The buttercup — a sure symbol of spring.

When you’re serious about social distancing — as we all should be — it’s helpful to live where public land is measured in the millions of acres.

Where the only large group you’re likely to see is a herd of deer or elk.

Where the nearest person might be a couple of miles away, far enough to leave even a robust virus wheezing if it tried to bridge the gap.

(I suspect viruses don’t actually wheeze, being that they’re not really alive, but it pleases me, in these troubling times, to imagine virus particles prostrate and in agony, tiny tongues lolling.)

I strive to comply with social distancing guidelines.

It strikes me as a relatively simply precaution, and one that can stem the spread not only of coronavirus but of other less virulent but still unpleasant afflictions.

I came down with one of those brief bugs a month or so back — the sort that turns your stomach into the equivalent of a stubborn toddler who flings his dinner plate across the room — and I’d just as soon not spend any of my quarantined days slumped in front of the toilet.

I’ve had little trouble adjusting to social distancing.

I go for a walk every afternoon, and on weekdays my route usually follows a series of streets and sidewalks in Baker City.

Most days I see only a handful of pedestrians or bicylists. In the carefree pre-virus era I rarely thought it necessary to yield a sidewalk unless, say, there was a stroller involved, or a couple of young kids who looked as though they were occupying the full width of concrete.

But now, even if I see only a lone walker heading my way, I detour onto the street so as to maintain at least a 6-foot spacing. As we pass, each of us presumably outside the effective droplet range, we exchange a half-wave/half-nod gesture, usually accompanied by a rueful smile. This seems to me one of the symbols of the new society we have so unexpectedly found ourselves in.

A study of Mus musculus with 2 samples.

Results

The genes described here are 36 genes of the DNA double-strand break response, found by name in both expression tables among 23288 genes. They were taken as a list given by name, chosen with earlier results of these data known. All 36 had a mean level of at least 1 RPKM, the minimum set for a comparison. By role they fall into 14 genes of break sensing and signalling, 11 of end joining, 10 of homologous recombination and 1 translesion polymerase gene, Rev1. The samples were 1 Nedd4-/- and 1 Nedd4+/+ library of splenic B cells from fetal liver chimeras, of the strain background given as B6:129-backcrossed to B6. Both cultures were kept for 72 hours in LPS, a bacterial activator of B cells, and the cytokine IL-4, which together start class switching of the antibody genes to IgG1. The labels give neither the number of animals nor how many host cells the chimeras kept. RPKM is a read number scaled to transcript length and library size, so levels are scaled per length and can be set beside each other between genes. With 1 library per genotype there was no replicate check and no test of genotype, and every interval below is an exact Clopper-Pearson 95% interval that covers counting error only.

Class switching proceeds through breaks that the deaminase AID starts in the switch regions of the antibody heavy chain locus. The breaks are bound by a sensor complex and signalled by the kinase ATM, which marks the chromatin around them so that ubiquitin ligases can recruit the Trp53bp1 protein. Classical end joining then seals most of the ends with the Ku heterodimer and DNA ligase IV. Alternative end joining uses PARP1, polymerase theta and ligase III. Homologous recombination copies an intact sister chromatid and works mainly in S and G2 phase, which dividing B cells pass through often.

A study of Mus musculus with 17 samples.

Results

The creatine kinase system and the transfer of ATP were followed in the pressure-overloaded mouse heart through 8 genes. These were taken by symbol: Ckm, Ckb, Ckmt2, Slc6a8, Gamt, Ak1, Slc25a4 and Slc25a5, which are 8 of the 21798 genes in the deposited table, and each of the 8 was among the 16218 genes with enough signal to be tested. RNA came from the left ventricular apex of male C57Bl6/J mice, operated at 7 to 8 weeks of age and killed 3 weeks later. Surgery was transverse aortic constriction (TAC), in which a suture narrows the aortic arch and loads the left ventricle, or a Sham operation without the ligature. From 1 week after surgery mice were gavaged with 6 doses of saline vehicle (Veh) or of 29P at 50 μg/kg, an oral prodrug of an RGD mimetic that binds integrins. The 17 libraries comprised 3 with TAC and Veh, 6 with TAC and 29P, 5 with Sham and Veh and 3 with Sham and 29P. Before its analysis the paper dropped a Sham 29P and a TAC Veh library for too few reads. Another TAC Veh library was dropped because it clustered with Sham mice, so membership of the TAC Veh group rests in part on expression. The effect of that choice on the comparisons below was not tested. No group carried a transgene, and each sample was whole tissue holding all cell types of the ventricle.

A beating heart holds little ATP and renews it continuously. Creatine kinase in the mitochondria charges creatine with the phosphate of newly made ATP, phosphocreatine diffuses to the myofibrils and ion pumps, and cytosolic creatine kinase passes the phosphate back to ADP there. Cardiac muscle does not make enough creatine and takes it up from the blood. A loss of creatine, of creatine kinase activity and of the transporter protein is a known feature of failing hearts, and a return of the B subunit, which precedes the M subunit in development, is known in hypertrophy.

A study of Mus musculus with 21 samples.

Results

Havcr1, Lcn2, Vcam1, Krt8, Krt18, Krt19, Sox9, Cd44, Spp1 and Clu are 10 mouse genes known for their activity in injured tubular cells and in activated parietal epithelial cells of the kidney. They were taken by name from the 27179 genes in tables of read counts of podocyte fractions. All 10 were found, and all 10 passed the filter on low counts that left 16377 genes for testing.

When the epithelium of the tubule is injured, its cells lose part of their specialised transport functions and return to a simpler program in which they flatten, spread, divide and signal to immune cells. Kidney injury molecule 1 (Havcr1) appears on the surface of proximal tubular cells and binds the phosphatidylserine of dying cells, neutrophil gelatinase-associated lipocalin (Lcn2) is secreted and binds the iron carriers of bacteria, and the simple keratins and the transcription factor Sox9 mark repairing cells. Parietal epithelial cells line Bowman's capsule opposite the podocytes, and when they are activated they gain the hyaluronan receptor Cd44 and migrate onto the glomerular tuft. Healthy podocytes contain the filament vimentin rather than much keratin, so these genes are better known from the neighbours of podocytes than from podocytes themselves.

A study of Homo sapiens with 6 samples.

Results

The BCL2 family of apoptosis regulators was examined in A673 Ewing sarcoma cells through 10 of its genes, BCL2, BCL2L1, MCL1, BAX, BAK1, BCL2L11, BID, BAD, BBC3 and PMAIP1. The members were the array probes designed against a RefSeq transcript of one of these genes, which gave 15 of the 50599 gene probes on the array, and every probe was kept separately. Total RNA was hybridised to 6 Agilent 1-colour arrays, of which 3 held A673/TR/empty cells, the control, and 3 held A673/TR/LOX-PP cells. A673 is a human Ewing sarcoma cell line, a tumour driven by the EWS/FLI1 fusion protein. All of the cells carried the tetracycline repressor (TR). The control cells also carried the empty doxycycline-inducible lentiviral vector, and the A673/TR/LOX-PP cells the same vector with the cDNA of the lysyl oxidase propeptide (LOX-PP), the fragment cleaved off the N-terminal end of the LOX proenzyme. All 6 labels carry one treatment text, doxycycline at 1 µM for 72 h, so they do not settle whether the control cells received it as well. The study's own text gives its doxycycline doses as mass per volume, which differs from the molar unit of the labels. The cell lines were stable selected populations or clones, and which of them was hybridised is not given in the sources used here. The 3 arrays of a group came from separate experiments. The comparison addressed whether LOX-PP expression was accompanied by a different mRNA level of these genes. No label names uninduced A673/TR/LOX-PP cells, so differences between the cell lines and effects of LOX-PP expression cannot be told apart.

My favorite pastime — hiking — hasn’t required even this modest accommodation.

And this has much to do with my original point about the benefits of living in Northeastern Oregon, where the population density is more akin to the 19th century than the 21st.

On the vast majority of my hikes I don’t see another person.

And when I do there’s such a surplus of space that we needn’t get close enough that we could (not that we wish to) hurl stones at each other, never mind the much less aerodynamic virus particles.

Although prior to social distancing these encounters were so rare that I usually felt compelled to hail the other person, if only to find out how we ended up sharing such a tiny patch in a veritable ocean of land.

Nowadays I take solace in that cushion, knowing that it allows me to get my boots dirty, out in the spring sunshine, without sullying my status as a responsible citizen.

Since the virus-related restrictions began, my wife, Lisa, and I have taken our kids, Olivia, 12, and Max, 9, on a few weekend hikes that were completely compliant with coronavirus-defying advice.

This required no special planning — these were the sorts of trips we made in previous years, when we took the solitude for granted rather than appreciating its epidemiological benefits.

Our first destination was Arch Rock National Recreation Trail on the Malheur National Forest of Grant County.

The namesake arch is smaller than those at Arches National Park in Utah, but it’s still a fascinating natural phenomenon well worth the modest hike. The trail is just half a mile, with a moderate uphill grade.

We didn’t see a single person, despite parking about a mile and a half before the trailhead in deference to lingering snowdrifts, which means we hiked farther on a road than on the trail itself.

This past weekend we snowshoed on the Elkhorn Crest Trail near Anthony Lake on Saturday, and hiked along the Deer Creek Road, near the Burnt River Canyon in southern Baker County, on Sunday.

Again, social distancing was a snap.

We didn’t encounter anyone on the Elkhorn Crest Trail. On the Deer Creek Road we saw a convoy of ATVs but naturally we had to step off the road to let them pass, creating the all-important distance. Most of the riders and passengers were wearing helmets in any case — and they passed us at rather more than walking speed.

Although most public land in Northeastern Oregon remains open, including roads and trails, designated recreation sites, including campgrounds, are closed.